Multiple sclerosis, Parkinson’s disease and other neurological diseases may be far more common than most people had believed, according to new estimates published on Monday.
Nearly one out of 1,000 Americans has multiple sclerosis or MS and one out of 100 elderly Americans has Parkinson’s disease the survey found.
“Our estimate of MS prevalence is about 50 percent higher than a comprehensive review from 1982,” said Dr. Deborah Hirtz of the National Institute of Neurological Disorders and Stroke, who led the survey.
It is not clear whether the disease is actually more common or if it is being diagnosed more accurately, she said.
The new survey, published in the journal Neurology, also found the rate of Alzheimer’s disease was up substantially from past estimates, with 67 out of 1,000 Americans over the age of 65 affected.
Nearly 10 out of 1,000 older Americans have Parkinson’s disease, and four out of every 100,000 has amyotrophic lateral sclerosis, also called ALS or Lou Gehrig’s disease, the survey found.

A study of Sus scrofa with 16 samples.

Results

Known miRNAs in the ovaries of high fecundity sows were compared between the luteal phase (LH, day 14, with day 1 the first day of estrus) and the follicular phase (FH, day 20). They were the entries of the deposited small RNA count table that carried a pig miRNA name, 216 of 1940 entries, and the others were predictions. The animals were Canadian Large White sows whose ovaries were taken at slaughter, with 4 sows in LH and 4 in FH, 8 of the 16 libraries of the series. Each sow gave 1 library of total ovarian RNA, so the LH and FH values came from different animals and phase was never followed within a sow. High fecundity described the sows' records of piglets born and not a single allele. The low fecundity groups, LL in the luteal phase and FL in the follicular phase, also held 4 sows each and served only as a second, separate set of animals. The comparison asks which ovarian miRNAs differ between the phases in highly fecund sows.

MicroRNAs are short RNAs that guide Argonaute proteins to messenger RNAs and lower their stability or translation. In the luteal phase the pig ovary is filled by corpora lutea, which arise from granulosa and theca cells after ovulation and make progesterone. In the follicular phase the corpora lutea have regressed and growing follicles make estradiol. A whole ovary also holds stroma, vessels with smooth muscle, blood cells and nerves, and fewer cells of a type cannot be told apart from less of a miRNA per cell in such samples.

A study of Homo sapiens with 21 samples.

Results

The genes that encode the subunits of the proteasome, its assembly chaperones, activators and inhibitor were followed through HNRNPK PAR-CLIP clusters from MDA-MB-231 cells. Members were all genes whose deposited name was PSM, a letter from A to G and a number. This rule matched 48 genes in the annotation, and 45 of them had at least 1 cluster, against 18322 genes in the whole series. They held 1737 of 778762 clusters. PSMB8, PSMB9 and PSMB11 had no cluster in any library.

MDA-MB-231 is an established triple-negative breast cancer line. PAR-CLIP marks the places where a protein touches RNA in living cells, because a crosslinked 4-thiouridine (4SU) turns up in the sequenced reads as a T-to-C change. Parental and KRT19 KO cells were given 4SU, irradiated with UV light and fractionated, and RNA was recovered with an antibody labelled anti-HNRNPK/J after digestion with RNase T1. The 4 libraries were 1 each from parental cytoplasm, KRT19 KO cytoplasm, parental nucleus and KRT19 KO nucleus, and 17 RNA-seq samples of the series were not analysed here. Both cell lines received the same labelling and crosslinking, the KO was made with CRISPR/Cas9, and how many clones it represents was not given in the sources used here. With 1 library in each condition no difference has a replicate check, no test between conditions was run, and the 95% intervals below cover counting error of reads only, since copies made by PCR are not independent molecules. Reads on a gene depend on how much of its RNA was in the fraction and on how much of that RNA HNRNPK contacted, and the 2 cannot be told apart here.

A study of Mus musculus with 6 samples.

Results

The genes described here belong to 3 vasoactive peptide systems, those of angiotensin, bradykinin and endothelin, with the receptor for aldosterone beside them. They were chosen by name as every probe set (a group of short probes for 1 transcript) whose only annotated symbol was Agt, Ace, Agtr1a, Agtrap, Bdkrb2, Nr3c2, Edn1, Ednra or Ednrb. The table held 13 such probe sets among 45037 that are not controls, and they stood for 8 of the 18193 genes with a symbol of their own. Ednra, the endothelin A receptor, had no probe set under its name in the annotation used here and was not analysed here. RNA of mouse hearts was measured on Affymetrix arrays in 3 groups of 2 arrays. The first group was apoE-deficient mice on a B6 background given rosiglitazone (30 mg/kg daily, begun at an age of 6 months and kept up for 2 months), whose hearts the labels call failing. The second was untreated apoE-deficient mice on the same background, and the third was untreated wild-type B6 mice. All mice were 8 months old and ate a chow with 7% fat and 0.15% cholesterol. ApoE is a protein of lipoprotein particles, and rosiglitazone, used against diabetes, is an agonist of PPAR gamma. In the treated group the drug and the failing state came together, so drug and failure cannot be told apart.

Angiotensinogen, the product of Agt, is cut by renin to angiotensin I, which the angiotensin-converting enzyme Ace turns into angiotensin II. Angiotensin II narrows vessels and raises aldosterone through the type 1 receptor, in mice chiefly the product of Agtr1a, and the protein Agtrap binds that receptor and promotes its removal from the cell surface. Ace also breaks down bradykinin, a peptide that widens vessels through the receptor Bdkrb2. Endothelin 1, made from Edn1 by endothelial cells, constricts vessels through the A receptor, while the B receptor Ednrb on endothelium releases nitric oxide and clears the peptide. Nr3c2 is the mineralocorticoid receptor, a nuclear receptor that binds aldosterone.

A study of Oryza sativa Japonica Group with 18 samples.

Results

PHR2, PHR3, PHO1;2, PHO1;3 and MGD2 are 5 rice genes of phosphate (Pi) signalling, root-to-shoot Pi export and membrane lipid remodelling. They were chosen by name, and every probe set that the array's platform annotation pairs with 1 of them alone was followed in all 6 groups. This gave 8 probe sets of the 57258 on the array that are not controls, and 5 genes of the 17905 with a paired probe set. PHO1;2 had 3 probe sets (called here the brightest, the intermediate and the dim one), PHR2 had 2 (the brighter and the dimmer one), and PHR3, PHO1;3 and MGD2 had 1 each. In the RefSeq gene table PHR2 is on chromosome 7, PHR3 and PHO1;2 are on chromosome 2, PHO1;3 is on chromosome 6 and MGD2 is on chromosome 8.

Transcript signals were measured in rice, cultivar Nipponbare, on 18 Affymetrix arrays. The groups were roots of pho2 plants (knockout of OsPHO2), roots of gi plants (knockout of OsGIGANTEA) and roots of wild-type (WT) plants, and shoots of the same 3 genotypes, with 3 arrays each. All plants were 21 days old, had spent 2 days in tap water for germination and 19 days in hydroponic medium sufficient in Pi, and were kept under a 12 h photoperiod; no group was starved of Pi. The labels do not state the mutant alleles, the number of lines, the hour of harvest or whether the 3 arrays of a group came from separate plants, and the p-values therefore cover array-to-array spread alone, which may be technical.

The survey projects that the number of people with Parkinson’s will double from about 4.3 million people now to 9 million people worldwide over the next 25 years.
It corroborated other studies on childhood neurological disorders, finding that nearly six out of every 1,000 children has autism, and two out of every 1,000 children has cerebral palsy.
Hirtz and colleagues reviewed studies from nearly 500 medical papers published between 1990 and 2005 for their report.
They found that 101 out of every 100,000 Americans has a traumatic brain injury each year, 50 percent fewer than previous estimates.
More than 180 out of every 100,000 people suffer a stroke each year, and close to five out of every 100,000 have a new spinal cord injury each year.
Steven Albert of the Department of Behavioral and Community Health Sciences at the University of Pittsburgh said the impact of Alzheimer’s will be substantial as the population ages.
“Current projections of AD (Alzheimer’s disease) suggest that there will be about 10 million cases in the United States in 2050, of which 6 million are expected to have moderate or severe dementia,” Albert wrote in a commentary in the journal.
There is currently no cure and treatments only delay the progression of Alzheimer’s slightly. There is also no cure for MS or for Parkinson’s, although drugs can also delay their progression.